Everybody’s remaking The Little Mermaid…but why?


It seems everyone wants to make Ariel part of our world again – even ABC is going under the sea. Now the main question is…why?

It’s a year of remakes in the movie world, and the trend doesn’t seem to be slowing down any time soon. Leading the charge is Walt Disney Studios, remaking their own classic animations into live action blockbusters.

Now, even the small screen world is jumping on the bandwagon. ABC announced this week that The Little Mermaid Live! will debut this fall. But, it won’t be the first time Ariel is resurfacing. The Little Mermaid has quietly become one of Disney’s most coveted stories, and the competition is only growing.

But how much is too much? For some context, let’s first break down all the adaptations that are coming.


It’s a daunting task to compete with Disney, especially in remaking one of their classics. And yet, according to Teen Vogue, there are two studios taking on the challenge. That’s right, in total there are three film adaptations of The Little Mermaid in the works.

The first one, set to release this summer, comes from Kingsway Media and Conglomerate Productions. In this adaptation, The Shannara Chronicles‘ Poppy Drayton will play the titular mermaid – but her name isn’t Ariel.

Her name is Emily, and she’s supposedly the real Little Mermaid. In this version, Emily won’t have a Prince searching for her. Instead, she’ll have a reporter named Cam Harrison, played by William Moseley. She also won’t have an evil Sea Witch, she’ll have an evil ringmaster – it’s all very new.

Then there’s the upcoming remake from Universal Studios. Chloe Grace Moretz was attached to star as the films lead, but recently dropped literally all of her upcoming movie roles. Whether The Little Mermaid was part of that purge is still unclear. The film also lost its director, Sofia Coppola, over “creative differences.” She was later replaced by Richard Curtis. Right now, this remake is drowning a bit, but hasn’t officially been called off.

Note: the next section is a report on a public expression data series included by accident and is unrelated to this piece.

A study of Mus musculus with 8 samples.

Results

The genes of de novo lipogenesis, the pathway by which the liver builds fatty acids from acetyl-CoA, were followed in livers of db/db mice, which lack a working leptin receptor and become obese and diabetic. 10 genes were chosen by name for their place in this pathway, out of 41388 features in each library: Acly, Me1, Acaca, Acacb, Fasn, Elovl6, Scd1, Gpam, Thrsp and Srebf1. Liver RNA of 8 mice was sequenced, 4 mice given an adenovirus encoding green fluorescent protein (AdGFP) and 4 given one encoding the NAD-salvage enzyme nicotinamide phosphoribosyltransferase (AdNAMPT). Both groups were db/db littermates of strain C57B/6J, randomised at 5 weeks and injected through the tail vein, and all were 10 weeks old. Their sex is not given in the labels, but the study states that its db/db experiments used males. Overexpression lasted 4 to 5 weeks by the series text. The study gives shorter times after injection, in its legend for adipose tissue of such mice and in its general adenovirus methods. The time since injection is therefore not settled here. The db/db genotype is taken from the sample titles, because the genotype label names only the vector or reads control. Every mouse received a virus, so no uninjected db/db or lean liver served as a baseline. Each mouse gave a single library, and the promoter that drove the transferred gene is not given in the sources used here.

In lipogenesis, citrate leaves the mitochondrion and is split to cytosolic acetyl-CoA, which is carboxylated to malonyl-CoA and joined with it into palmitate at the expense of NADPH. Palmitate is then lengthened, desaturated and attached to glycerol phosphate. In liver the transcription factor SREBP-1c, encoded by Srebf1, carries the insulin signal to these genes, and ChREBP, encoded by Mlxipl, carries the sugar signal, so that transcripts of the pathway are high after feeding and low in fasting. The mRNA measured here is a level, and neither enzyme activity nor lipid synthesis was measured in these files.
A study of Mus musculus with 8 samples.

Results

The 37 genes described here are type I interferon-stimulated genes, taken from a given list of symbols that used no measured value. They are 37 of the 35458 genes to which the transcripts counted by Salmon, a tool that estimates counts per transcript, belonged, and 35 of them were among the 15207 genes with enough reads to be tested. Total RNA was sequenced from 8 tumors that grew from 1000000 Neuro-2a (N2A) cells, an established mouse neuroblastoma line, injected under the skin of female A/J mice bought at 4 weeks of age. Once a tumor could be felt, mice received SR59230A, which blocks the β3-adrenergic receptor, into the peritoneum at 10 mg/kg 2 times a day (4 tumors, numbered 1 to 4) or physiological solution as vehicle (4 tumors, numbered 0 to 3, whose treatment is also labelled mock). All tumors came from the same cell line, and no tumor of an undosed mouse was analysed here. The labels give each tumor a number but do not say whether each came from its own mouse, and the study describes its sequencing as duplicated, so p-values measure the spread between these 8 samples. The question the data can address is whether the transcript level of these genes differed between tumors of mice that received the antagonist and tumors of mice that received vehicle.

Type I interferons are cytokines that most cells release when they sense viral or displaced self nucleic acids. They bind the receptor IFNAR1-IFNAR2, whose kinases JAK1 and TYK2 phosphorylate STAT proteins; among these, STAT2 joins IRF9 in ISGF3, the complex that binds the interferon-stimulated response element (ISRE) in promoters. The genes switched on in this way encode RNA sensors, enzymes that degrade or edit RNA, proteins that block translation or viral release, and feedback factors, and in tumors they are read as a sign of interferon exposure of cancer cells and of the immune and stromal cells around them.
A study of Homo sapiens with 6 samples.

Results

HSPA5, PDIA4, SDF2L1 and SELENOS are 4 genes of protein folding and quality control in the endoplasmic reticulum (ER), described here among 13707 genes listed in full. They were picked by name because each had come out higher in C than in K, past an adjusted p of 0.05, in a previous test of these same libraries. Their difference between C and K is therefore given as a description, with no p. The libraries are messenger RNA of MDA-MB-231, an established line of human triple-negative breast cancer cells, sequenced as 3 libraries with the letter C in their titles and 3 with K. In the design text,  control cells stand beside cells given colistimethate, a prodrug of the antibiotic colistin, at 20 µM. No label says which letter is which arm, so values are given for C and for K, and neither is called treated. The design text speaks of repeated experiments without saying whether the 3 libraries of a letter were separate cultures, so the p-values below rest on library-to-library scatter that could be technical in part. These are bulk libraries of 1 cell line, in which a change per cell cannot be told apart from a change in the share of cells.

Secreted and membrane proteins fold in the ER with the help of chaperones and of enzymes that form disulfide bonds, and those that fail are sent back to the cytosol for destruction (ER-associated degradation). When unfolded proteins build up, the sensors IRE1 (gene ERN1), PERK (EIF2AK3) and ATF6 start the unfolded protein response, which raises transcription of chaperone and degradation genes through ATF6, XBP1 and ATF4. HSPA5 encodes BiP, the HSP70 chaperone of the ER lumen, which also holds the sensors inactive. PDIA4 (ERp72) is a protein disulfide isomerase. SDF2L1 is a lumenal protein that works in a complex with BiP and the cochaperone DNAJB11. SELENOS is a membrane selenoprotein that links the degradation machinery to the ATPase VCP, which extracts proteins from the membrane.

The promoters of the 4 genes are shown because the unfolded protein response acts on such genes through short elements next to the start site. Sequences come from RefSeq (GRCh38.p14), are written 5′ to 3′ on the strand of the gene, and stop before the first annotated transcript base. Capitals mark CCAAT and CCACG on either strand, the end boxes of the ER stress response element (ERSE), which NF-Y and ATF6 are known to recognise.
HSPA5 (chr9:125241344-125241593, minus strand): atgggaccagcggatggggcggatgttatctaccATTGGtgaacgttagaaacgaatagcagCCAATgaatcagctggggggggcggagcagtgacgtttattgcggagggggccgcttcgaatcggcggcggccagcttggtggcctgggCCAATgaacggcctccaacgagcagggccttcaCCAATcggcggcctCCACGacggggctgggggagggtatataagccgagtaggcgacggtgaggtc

Finally, there’s the actual Disney studios remake. This one is in extremely early stages and, given Disney’s upcoming live-action slate, there’s likely no rush. All we know is that Alan Menken is returning to create music, and he’s bringing Lin-Manuel Miranda with him.

Live Specials

Last summer, the Hollywood Bowl put on The Little Mermaid in the form of a live concert. The event was a limited run, with a cast including Sara Bareilles, Rebel Wilson and Darren Criss. During the show, the film played on screens throughout the venue. But, when it was time for a song, the movie stopped and the performers took over, backed by a 71-piece orchestra.

Now, ABC is jumping into the live musical arena with their own adaptation. The Wonderful World of Disney: The Little Mermaid: Live! was confirmed at ABC’s upfronts presentation and is set to premiere this fall. The network has confirmed that the production will be similar to the Hollywood Bowl’s version, combining live performances with the original animation.

ABC’s head of alternative programming, Robert Mills told Variety the production could be the first of many live adaptations of a Disney classic. “If we do this and we do it right and it becomes one of the singular live events, you’ve launched a franchise,” Mills said.

In total, that’s FIVE adaptations of The Little Mermaid announced in the last year and a half. So, this begs the question…why?


Objectively, The Little Mermaid is nowhere near the top performer for Disney as a whole. It can’t truly be expected as such, given the technological advancements in animation since its debut in 1989. It’s actually #136 on the list, which is especially impressive considering the amount of films Disney has actually put out.

But, it is credited as the movie that started a new era of success for the company. The Little Mermaid kicked off the 10-year period that became known as the “Disney Renaissance.” The films released during that decade – including Beauty and the Beast (1991), Aladdin (1992) and The Lion King (1994) – have become Disney staples. And, as of right now, nearly all are getting a live action remake.

Being the first of the Renaissance, Ariel and her undersea friends are basically Disney royalty, but don’t think they’re forgotten. In Walt Disney World, The Little Mermaid is immortalized in the form of a ride (housed in Ariel’s castle) and a live show. Ariel’s meet and greet in her grotto is still one of the most popular.

At this point, a remake of the movie was inevitable. Getting five retellings of her story is more like getting two snacks from the vending machine, when you only wanted one.